Movies

The Mothman Prophecies Is a Love Letter to 2000s Horror

The Mothman Prophecies (2002) movie poster cropped for featured image

Having Proof or Being Alive: The Mothman Prophecies and Letting Go of the Past

’90’s heartthrob Richard Gere seems to be scraping the bottom of the barrel as far as movie roles go with 2002’s The Mothman Prophecies; or else he was trying to break into the horror genre. In his defense, he does an okay job. Now, the Mothman is my favorite cryptid, hands-down; but the problem I have with making a movie about it is it’s goofy. It’s a goofy myth with a goofy name and to make a serious movie with the Mothman at the center feels like a stretch. Until, of course, we see Mary Klein’s drawings. 

Mothman Origins

The Mothman Prophecies (2002) movie poster
The Mothman Prophecies (2002)

Backing up: The Mothman Prophecies follows Washington Post journalist John Klein and his wife Mary Klein as they buy a house. There’s a moth in the closet. It’s all very interesting. But then as they drive home, Mary sees a terrifying vision coming at her—void-like with red eyes—and fishtails the car, smacking her head on the window. While in the hospital, we find out that she has a rare type of brain tumor, which eventually kills her. While alive, she asks John, “You didn’t see it, did you?” and at this point we can infer that the vision could be a result of her brain tumor. 

After Mary’s death, a nurse tells John “she was drawing angels”. John looks through Mary’s notebook and here’s where things get a little scary. What starts out as simple line drawings of a round shape with wings quickly devolves into horrifying, shadowed visages with red eyes, wings spread, seemingly leaping from the pages. She fills a ripped page with the word “ruin”. The creature takes on a human face, then morphs into the vague black shape again. 

Notebooks in movies are often used to follow a character’s psychosis. At this point, the horror is being written off as a hallucination caused by a brain tumor. But then things get even weirder. 

Welcome to Point Pleasant

John, driving to Richmond from Washington, DC, ends up in Point Pleasant. There’s a great scene where John asks where he is on a map; the man at the motel front desk says “Right on the border”. John goes to the Virginia/North Carolina border, but then the man says “With Ohio”, and the camera zooms in and there’s Point Pleasant, West Virginia in black and white. 

John becomes stuck in West Virginia, drawn there by the people he meets, people who have seen the same thing his wife saw. There have been visions, red eyes in the dark, strange phone calls of electronic howling. John takes on a home-spun investigation with Connie the police officer, a charming, down-home character who has a recurring dream that she’s drowning surrounded by Christmas presents and a voice says “Wake up number 37.”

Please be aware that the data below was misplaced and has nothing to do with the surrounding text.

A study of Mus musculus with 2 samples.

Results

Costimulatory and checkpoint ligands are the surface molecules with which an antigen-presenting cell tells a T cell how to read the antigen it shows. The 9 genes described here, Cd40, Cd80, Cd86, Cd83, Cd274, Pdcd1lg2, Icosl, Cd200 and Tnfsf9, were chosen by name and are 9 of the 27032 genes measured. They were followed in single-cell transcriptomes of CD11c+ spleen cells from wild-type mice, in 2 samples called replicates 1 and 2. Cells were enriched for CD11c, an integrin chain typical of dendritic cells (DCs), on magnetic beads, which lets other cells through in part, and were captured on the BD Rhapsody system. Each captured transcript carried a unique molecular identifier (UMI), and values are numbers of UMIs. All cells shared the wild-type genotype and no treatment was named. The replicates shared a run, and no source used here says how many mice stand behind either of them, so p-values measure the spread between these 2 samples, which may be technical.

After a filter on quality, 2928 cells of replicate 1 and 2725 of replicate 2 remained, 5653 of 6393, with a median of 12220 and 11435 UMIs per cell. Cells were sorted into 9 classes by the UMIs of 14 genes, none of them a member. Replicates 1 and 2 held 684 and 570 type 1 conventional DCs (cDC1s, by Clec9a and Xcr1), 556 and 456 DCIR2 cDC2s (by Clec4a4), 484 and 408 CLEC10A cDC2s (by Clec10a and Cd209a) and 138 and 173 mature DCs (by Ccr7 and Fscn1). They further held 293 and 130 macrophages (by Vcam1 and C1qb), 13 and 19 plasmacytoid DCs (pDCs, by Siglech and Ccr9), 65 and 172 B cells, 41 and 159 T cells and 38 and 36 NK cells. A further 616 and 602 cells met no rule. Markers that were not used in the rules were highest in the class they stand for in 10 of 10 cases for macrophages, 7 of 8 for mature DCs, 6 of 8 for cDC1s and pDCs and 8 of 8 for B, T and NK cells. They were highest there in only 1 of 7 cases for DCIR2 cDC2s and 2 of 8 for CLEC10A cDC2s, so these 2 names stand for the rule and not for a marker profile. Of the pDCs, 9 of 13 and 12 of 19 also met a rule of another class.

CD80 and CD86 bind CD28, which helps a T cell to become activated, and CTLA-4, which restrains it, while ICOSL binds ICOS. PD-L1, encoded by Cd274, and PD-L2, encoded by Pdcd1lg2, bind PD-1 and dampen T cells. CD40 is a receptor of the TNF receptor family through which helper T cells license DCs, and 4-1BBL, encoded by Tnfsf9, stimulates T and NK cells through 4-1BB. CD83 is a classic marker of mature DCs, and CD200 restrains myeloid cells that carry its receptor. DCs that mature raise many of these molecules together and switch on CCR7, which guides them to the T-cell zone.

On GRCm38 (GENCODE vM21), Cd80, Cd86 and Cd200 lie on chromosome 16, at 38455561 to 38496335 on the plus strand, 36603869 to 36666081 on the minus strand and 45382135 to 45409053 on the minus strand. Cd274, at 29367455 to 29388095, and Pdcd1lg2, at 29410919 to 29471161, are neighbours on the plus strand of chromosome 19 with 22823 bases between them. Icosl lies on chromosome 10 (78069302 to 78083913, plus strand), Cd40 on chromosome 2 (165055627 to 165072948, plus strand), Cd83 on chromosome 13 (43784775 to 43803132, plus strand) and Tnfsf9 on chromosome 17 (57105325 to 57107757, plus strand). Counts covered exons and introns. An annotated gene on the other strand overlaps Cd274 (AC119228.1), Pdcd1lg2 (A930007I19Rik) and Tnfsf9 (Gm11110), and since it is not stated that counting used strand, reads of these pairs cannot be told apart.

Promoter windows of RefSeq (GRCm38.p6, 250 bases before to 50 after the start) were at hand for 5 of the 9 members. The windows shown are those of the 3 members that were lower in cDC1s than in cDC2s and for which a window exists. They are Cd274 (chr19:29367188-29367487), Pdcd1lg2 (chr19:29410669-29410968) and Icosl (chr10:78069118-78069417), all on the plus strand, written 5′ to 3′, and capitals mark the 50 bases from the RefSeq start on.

Later, we’re introduced to Indrid Cold, an entity whom we never see but to whom John talks on the phone. The voice is chilling, for lack of a better word: electronically garbled, high and low in intervals, calm and placid, yet hiding a deeper malice. When John has the voice analyzed, it turns out to be unlike anything human vocal cords could produce. 

Letting Go

The Mothman Prophecies is, first and foremost, a movie about letting go of past traumas and moving on with life. This is a difficult feat, which is why John is still broken up about his wife’s death two years later. By getting so wrapped up in symbols and superstition, John realizes that his grief has so trapped him that he’s looking for images of his wife in everything. 

For all I want to say this movie has pitfalls, there are actually very few. You see a movie titled The Mothman Prophecies and you think “this has to be dumb”. But it’s actually done very well, if a little dated. There’s a moment when John is talking to the character Alexander Leek about his experiences with the voices and images, and essentially Leek tells John that the Mothman told him about 9/11 before it happened. Take from that what you will. 

Real-Life Tragedy

What’s interesting about the ending of this movie is it took a real-life event from 1960s Point Pleasant and brought it to the present day: The Silver Bridge collapse. Indrid Cold warns John of “a great tragedy up the River Ohio,” which turns out to be the bridge collapsing. In reality, Silver Bridge collapsed on December 15, 1967, under the weight of rush hour traffic, killing 46 people. In the movie, the bridge collapsed on Christmas Eve in 2004 and killed 36 people, tying into Connie’s dream of being “number 37”.

The bridge collapse is probably the only thing that stood out as something that didn’t quite work; as a viewer, knowing that the real bridge collapsed in the ’60s, I couldn’t fathom it happening again in 2004. The movie states that the Mothman doesn’t cause disasters, it’s merely the messenger. So why did the new bridge collapse again? If we’re going by real-life construction, the current Silver Memorial Bridge has been standing for around fifty years. The scene was dramatic, and it did tie into Point Pleasant history; it just didn’t seem feasible. 

All in all, the question remains: if the Mothman was hanging around Point Pleasant as the harbinger of disaster, why did Mary Klein see it in Washington, DC? Was it the harbinger of her own, personal disaster? I’d like to think so, but I can’t really be sure. All I know is, this was a great watch if you want something light, but just on this side of creepy to be a decent spooky season movie. 



Lauren Boisvert

Lauren Boisvert is a writer and Pisces from Florida. She has had poems published with Memoir Mixtapes, spy kids review, The Mochila Review, and others. She loves Mystery Science Theater 3000, classic horror, and making everyone in the car listen to the Beastie Boys.